It’s all too tempting today to always look to the latest technologies as a way to solve problems, without looking at tried-and-true methods that have been working for years. There’s nothing wrong with adopting new tools, of course, but there’s a tendency to throw the technological baby out with the bathwater because of the perception that new equals better. Sometimes it does, but when working with mission-critical systems and data, it’s quite likely that the mature solutions are going to do better by you.
What I have learned is that Perl is one of the best ways to tackle integration of large-scale databases. Perl, while no longer the hot new thing, is mature and still thriving. Perl 5 has a long history of successfully working with open-source and commercial relational DBMS (RDBMS) such as MySQL, PostgreSQL, Oracle, SQL Server and many others. Thanks to that long history, I have learned a few things you ought to know.
Use the right tools
A common mistake is for developers to reinvent the wheel when working with databases. Don’t! Use the standard DBI driver modules that come with Perl to connect to your database. They’ve been tested hard, probably by companies with even larger data sets and more traffic to and from the database.
Perl’s DBD::* modules provide a standard database interface that defines methods, variables and conventions that is consistent. This means that working with databases is not only well-documented and tested, it also gives great flexibility down the road. You might build your application on MySQL for testing but deploy on PostgreSQL or Oracle. You might need to migrate away from SQL Server at some point. Perl’s DBI module lets you avoid lock-in on the application side.
Another tip for using the right tools is to use package managers-rather than the Comprehensive Perl Archive Network (CPAN) module-to manage your Perl modules. There are package managers available that offer a good way to manage binary modules without having to build from CPAN for updates. If you’re using Perl from a Linux distribution, the best bet is to use the packaged Perl modules from the distribution so you’re getting testing and updates from the Linux vendor.
Never Trust the Client
Never trust the client
The customer is always right, but client input should always be assumed to be wrong. Data can be malformed accidentally or maliciously. But either way, it has the potential to cause problems.
Perl provides some excellent tools to sanitize external input data. Make sure that you’re stripping “special” characters from input, avoid stored HTML and be careful where you’re storing user-supplied data. Use of Perl’s “taint” mode will also ensure data generated outside your program as tainted so it cannot accidentally be used as a file name or subprocess command.
“Don’t trust data supplied by the browser” should be the foremost rule of thumb.
Your data is yours
You should be very conservative about data that’s accepted as input, and even more conservative about data that is sent out. Make use of security features that are available in connecting to your database. Most databases can work with SSL or have other features to ensure that communication between an application server and a database server are encrypted. It’s also a good idea to store data in an encrypted state should an attacker actually get so far as gaining access to your data store.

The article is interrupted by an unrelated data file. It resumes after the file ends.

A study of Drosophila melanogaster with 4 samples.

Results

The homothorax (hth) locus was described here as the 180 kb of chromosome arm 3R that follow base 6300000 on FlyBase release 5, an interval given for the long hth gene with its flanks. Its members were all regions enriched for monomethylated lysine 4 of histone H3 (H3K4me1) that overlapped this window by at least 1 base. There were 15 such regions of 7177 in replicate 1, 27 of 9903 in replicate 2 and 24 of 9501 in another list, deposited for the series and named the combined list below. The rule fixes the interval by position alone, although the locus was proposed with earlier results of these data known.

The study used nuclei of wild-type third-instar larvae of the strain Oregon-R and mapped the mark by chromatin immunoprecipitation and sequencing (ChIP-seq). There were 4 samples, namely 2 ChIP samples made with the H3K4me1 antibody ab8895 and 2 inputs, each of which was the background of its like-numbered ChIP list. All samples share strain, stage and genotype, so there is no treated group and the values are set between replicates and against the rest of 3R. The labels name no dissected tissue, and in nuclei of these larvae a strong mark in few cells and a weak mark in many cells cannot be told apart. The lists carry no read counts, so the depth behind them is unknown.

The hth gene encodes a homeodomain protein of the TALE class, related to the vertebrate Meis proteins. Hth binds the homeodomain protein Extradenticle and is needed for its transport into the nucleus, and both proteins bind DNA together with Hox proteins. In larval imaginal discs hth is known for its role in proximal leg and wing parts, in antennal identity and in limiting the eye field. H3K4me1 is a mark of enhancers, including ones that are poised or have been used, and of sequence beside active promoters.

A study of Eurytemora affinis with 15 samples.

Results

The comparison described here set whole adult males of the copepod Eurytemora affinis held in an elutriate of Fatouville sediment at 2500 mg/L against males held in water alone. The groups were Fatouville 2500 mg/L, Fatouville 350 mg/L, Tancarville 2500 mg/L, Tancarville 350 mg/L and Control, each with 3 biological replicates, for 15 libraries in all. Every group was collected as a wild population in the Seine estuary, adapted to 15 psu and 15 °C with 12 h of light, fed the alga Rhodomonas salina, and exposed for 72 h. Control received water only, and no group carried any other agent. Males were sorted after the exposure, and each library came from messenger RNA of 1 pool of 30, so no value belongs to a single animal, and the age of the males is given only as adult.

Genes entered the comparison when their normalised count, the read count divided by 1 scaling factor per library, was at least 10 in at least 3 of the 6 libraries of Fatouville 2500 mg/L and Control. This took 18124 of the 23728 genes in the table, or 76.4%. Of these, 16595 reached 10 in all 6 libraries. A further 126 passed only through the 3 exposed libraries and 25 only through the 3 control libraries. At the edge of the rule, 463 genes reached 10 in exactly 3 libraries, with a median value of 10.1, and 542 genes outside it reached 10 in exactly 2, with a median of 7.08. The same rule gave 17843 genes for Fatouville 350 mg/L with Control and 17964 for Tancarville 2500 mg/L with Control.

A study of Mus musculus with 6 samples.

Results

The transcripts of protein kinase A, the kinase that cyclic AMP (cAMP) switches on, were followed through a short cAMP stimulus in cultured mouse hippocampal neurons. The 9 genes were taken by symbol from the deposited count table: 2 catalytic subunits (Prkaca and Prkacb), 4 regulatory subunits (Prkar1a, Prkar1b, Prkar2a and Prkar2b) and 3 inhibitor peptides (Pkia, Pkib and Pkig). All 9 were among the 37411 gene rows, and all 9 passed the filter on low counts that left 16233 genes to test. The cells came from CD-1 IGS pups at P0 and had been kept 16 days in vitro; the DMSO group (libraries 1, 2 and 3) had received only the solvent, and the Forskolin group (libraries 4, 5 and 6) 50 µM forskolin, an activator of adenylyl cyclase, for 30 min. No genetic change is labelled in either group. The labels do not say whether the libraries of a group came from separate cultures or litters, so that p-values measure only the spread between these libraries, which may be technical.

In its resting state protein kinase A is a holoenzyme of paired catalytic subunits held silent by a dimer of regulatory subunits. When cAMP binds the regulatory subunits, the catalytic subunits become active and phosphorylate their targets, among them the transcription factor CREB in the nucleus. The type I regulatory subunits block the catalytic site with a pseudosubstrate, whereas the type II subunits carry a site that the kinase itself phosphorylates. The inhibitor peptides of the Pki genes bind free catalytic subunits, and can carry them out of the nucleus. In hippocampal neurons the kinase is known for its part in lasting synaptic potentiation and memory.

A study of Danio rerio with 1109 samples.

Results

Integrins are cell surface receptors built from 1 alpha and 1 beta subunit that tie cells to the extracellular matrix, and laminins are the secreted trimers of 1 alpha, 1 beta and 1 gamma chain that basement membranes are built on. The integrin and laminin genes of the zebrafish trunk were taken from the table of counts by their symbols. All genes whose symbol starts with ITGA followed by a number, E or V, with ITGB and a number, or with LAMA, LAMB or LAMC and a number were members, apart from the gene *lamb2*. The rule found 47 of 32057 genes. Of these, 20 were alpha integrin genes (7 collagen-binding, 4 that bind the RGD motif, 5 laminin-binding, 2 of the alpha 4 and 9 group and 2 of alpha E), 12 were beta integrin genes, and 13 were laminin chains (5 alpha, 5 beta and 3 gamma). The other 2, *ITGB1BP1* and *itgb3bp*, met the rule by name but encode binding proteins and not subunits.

Legacy systems or applications may be constructed in such a way that a native encrypted connector is not possible. That’s suboptimal, but not impossible to fix. Use a Secure Shell (SSH) tunnel between systems when SSL is not natively supported by the database connector.
Ensure that session data is encrypted. Any session exchanging personal data between your application and the user over a network should be encrypted, but also look to encrypting session state information when storing session data in a URL. The Crypt::* modules will provide the proper tools to do this and also look to the CGI::EncryptForm module.
The first thing some programmers do is commit premature optimization. That is, worrying about getting the tightest code but failing to optimize the way the database is used. Many times, the performance bottleneck is the database-so figure out how to optimize its performance before worrying whether you’ve got the very best algorithms.
Naturally, you’re going to have a beefy database server but put it to good use. Don’t hit the database server unless it’s absolutely necessary. Cache results so that you’re not making multiple (and unnecessary) calls for data you’ve already fetched once.
But you need to get the data, so how can you avoid it? A couple of ways: You can use an intermediate local data store to cache data between the main RDBMS and your application, such as memcached or Berkeley DB. Another tip is to avoid sprinkling unnecessary SQL queries throughout your code. Use object-relational mapping (ORM) to convert data between incompatible type systems. Perl’s DBIx::Class module can speak with all kinds of traditional RDBMS to handle just about any type of work you’re doing.
No matter what RDBMS you’re using, it goes well with Perl. These aren’t comprehensive guidelines but a good starting point to ensure that your application is going to be successful. Take the advice here and you’ll be well on the way to a successful deployment or revision.